Reporting Natalie Nyhus
MINNEAPOLIS (WCCO) — It takes a lot of work to make the Minnesota State Fair what it is — so WCCO-TV wanted to follow along to see what a day in the life of a corn roaster is like.
“We get here 6:30 – 7:00 a.m., (and) first thing we do is turn the coffee pot on,” said corn roaster Brad Ribar.
From the time the pot starts brewing, they’ve got less than an hour to get the corn soaking, fire up the roasters, warm the butter, get out the salt and pepper and set up their ticket booths.
“By about 7:30 a.m. we start roasting the corn,” said Ribar.
It takes a lot of roasting staff to get those ears into hungry fairgoers’ mouths.
“We usually start with about a dozen — the opening crew — and that builds to about 50-55 — our full crew — during the day.”
That includes a few faces particularly familiar to Ribar.
“My daughter’s there, my son’s over here and my other daughter will be here this afternoon,” said Ribar, pointing out that the fair is a family affair. “That’s my niece, that’s my nephew. There’s all sorts of family here. It’s great.”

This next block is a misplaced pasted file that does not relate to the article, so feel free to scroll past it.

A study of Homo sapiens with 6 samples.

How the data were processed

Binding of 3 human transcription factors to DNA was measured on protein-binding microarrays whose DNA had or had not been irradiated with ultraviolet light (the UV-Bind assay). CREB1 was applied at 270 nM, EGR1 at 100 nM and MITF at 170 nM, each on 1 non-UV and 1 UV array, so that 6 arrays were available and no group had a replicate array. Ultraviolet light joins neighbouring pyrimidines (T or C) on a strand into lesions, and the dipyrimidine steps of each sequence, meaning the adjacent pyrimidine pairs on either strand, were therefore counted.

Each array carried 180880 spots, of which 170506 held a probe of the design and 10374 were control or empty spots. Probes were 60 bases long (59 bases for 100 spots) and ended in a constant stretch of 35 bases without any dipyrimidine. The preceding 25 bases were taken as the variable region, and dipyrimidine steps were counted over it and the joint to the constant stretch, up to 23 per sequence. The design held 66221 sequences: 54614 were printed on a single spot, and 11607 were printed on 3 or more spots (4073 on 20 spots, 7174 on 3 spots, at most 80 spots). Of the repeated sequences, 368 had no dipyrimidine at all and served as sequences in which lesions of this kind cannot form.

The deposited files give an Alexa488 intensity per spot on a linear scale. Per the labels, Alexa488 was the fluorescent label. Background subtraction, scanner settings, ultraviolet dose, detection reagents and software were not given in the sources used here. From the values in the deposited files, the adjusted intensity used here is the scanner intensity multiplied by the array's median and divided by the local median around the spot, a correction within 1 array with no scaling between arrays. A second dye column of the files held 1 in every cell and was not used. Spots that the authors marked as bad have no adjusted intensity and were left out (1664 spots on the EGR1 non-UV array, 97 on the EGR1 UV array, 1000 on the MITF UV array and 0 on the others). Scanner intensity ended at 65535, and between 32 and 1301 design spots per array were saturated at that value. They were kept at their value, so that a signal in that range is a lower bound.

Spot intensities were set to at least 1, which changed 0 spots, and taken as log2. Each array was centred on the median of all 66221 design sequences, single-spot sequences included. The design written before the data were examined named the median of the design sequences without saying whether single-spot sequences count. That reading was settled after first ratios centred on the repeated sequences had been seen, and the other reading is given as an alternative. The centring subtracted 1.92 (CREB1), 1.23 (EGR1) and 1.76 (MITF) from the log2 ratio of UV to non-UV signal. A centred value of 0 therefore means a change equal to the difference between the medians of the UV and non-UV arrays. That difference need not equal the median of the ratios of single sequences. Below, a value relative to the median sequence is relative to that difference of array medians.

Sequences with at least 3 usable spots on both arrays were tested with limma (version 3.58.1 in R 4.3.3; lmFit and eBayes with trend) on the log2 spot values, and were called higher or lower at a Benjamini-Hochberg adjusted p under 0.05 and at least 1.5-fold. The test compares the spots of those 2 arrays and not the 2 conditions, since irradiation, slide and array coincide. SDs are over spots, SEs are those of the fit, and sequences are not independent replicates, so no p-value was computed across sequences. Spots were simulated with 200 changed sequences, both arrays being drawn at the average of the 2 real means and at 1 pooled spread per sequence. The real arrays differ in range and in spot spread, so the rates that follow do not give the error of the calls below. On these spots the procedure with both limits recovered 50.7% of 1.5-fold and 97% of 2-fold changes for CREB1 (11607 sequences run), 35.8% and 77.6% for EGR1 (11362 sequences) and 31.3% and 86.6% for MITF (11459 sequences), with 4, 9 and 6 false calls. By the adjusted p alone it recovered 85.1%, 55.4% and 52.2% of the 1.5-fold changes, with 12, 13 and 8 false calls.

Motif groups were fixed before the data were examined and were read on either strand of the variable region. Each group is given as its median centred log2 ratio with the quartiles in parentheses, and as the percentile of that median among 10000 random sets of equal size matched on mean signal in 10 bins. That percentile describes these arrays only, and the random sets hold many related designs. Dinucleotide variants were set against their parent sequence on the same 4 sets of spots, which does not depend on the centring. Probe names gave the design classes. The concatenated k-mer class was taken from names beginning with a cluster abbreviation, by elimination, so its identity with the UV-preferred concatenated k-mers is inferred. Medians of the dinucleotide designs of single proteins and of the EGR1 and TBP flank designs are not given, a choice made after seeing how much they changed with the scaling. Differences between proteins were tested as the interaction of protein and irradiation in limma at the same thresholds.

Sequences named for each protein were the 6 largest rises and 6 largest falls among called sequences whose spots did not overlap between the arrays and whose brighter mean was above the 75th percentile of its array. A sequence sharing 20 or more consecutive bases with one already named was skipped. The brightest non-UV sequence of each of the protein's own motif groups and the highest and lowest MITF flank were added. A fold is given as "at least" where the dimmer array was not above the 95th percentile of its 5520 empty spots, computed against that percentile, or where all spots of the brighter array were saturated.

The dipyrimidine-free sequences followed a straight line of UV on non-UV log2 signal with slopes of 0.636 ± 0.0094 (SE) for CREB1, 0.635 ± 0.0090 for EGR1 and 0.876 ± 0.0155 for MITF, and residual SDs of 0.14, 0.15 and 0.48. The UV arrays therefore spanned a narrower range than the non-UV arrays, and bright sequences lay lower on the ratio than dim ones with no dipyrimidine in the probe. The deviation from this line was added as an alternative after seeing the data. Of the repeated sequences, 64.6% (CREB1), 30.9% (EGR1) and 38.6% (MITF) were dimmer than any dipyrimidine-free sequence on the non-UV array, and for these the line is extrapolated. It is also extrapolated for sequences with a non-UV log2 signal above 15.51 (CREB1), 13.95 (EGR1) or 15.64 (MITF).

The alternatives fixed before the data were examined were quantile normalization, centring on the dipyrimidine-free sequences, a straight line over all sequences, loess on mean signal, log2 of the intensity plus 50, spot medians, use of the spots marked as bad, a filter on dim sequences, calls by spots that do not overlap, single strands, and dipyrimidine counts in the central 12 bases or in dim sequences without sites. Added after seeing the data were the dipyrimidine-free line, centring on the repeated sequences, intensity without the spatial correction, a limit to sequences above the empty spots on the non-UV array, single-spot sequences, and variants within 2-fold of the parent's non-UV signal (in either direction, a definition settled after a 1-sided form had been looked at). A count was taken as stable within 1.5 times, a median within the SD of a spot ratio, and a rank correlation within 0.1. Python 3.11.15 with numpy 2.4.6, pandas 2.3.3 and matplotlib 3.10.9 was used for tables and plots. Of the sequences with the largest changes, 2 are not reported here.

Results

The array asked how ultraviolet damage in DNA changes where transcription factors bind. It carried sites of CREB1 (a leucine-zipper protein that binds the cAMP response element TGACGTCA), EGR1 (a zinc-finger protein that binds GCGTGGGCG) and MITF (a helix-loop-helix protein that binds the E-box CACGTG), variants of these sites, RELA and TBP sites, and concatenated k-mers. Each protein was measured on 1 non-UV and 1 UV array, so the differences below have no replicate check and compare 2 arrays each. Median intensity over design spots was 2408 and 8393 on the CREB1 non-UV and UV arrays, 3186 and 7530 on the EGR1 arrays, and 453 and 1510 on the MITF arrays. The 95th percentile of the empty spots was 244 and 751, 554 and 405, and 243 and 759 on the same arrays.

If you think a crew of 55 is too many, think about the number of ears the stand sells.
“For the whole fair it’s about 180,000 ears. So some days you’re at 10,000. Some days you’re at 15,000 to 18,000 ears,” said Ribar. “We do more in a day now than we did in our first year.”
The number of sales isn’t the only intense thing happening at the booth, the temperature inside is usually right around 125 degrees. Ribar said he keeps a lot of water on hand for the crew who works well into the night.
“Usually by 11:30-12:00 we’re done serving corn and that’s the time the next day’s corn shows up. So, we’re unloading corn until about 1 in the morning,” he said.
That makes an 18-hour day for each day of the fair. It’s a tough job for the corn roasters who have been making one of the fair’s most popular foods for more than 28 years.